Today, there is a massive social focus on how we look and view ourselves. Modern society boasts that we are more accepting of people who are different than any other generation prior, but perhaps that is not true at all. It seems that there is actually more peer pressure to transform our natural bodies than ever before.
“I was born this way,” is a viral pop-song by singer, Lady Gaga, and has become a modern day anthem for homosexuals, transexuals, and cross dressers – three groups of people who ironically identify well with changing their physical appearance. The song rages:
“I’m beautiful in my way
‘Cause God makes no mistakes
I’m on the right track, baby
I was born this way.”
At first glance, it seems that the song encourages people to accept the body that God gave them. After all, “He makes no mistakes,” but that conclusion would be wrong. It is extremely ironic that this is the song that has become the anthem of those who seek to change everything about the body that God gave them at birth, including (but not limited to) hair color, eye color, nose shape, butt size, and in some cases – even gender mutation and genital mutilation.
The peer pressure is everywhere and anyone thinking that Christian missionaries are not exempt would be wrong. Missionaries are not super Christians – they are humans that have challenges, failures, and doubts like anyone else.
A special missionary from China and trained psychologist joins us on our BTJ podcast and shares her experience of changing her body from the one God gave her. She shares how her father’s Playboy centerfold posters made her feel inadequate as a young woman and how she decided to surgically change her body to meet an image that society had deemed more attractive and feminine. Her parents celebrated her decision and even helped pay for the surgery, but the change to her body was not everything that she had hoped for. In fact, she shares how it has been damaging in almost every respect and issues a warning to others.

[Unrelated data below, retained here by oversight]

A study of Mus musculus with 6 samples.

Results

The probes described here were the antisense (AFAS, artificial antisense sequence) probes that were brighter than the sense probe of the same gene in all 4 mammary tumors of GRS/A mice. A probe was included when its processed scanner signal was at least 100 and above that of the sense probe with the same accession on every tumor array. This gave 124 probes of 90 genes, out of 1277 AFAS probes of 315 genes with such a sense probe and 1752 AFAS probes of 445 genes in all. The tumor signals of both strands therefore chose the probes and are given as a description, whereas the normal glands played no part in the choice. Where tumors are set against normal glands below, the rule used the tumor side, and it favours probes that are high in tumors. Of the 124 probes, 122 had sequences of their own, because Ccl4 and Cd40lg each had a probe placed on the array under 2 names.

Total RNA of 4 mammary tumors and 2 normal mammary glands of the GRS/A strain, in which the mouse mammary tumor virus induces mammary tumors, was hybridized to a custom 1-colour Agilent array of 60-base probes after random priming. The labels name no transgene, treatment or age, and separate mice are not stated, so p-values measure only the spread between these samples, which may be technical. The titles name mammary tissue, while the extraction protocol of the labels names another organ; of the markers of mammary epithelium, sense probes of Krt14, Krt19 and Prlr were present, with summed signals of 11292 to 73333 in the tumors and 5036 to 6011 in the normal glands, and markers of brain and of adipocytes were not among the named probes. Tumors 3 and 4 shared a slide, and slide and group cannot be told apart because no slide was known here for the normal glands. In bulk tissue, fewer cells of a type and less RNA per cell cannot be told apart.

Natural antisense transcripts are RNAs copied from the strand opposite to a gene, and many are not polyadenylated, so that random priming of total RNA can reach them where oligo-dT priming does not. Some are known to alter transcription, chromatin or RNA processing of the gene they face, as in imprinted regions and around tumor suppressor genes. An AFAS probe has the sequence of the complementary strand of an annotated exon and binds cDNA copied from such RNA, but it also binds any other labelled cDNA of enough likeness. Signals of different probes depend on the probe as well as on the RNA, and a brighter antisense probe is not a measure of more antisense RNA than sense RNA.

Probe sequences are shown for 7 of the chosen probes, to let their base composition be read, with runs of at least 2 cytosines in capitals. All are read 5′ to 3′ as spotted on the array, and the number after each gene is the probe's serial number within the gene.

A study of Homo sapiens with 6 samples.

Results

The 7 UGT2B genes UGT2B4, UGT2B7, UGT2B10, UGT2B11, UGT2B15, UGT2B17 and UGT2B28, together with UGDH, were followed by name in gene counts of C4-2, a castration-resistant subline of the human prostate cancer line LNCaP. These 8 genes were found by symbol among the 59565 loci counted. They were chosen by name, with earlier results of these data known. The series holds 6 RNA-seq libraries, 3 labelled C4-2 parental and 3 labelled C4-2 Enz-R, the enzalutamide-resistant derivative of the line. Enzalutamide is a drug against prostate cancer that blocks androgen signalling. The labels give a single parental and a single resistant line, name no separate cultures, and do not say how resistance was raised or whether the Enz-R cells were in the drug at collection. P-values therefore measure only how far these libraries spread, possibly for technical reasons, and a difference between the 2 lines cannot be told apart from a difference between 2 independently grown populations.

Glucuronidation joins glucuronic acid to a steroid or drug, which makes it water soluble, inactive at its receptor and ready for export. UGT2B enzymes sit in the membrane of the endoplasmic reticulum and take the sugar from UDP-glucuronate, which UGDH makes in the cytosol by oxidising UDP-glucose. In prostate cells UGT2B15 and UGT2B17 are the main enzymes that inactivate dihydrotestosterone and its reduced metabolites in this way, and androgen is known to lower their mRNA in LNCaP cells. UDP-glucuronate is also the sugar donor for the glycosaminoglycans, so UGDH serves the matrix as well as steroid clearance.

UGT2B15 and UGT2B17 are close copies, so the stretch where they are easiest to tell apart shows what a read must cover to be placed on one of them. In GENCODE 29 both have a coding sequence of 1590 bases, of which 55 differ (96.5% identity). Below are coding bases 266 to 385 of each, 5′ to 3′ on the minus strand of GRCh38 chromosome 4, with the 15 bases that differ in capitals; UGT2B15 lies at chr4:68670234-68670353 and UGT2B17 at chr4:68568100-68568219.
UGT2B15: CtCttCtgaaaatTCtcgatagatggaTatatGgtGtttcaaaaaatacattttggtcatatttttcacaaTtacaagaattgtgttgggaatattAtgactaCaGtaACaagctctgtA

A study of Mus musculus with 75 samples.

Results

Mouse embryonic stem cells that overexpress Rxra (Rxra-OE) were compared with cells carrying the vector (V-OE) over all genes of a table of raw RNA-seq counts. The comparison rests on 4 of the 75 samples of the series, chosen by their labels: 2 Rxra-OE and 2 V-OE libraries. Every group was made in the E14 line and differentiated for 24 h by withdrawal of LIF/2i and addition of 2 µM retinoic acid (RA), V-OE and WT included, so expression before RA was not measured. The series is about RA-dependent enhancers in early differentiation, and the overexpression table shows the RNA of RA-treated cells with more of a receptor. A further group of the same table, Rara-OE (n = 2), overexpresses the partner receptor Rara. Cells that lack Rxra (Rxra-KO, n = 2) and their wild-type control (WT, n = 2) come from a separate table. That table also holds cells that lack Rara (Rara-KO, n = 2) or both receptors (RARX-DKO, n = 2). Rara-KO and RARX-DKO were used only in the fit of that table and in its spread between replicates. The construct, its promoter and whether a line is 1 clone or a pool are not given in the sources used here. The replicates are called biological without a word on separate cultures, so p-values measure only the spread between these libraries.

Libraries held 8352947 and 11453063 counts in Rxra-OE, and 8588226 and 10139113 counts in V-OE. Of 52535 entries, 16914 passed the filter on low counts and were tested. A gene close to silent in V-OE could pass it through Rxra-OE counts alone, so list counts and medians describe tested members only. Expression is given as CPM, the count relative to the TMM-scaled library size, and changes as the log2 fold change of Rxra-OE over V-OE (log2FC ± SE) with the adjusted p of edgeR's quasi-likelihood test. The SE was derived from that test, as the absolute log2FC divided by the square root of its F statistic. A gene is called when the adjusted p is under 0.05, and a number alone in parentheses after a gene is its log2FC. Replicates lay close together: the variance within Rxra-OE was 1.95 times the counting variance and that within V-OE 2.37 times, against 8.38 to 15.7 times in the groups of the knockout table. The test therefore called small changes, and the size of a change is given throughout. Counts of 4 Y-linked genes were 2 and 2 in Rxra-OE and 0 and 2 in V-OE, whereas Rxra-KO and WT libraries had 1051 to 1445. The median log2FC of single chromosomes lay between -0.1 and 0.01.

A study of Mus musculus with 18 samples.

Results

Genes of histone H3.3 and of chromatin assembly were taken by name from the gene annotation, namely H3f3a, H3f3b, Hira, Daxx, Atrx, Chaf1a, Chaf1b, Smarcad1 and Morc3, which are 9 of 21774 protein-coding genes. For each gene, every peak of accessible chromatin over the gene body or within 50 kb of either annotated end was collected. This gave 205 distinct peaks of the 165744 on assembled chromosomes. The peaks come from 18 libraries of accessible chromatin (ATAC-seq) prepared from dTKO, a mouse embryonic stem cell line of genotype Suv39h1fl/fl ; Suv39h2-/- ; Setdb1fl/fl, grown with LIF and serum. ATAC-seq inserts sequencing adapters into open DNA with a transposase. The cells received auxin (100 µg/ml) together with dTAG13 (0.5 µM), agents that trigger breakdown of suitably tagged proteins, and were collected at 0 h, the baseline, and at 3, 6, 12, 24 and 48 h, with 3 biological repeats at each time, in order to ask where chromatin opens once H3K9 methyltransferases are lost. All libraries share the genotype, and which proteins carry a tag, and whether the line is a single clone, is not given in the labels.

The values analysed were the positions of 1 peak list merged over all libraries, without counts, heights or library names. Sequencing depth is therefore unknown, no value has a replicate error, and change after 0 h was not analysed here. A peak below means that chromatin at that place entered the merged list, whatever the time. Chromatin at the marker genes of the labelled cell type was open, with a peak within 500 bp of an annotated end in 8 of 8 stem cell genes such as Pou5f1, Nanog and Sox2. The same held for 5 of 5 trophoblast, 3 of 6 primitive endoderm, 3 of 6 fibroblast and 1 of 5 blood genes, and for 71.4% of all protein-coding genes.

This Chinese missionary takes us on an extremely honest and vulnerable journey into her past and talks about love, life, unfaithfulness, and failure as well as grace, love, and restoration.
This brave missionary is the first to ever openly share about this procedure from the mission field, but she is not the first to go through it. Christians might be shocked to learn that missionaries also deal with image issues and seek surgical enhancements in hopes to be more socially acceptable. In Asia this is a huge challenge and desperately needs to be addressed by the missionary community.
The unnamed missionary also shares a strong warning to any woman thinking about getting a breast augmentation and gives graphic details of dangers that every woman should hear.
To listen to the podcast, click below.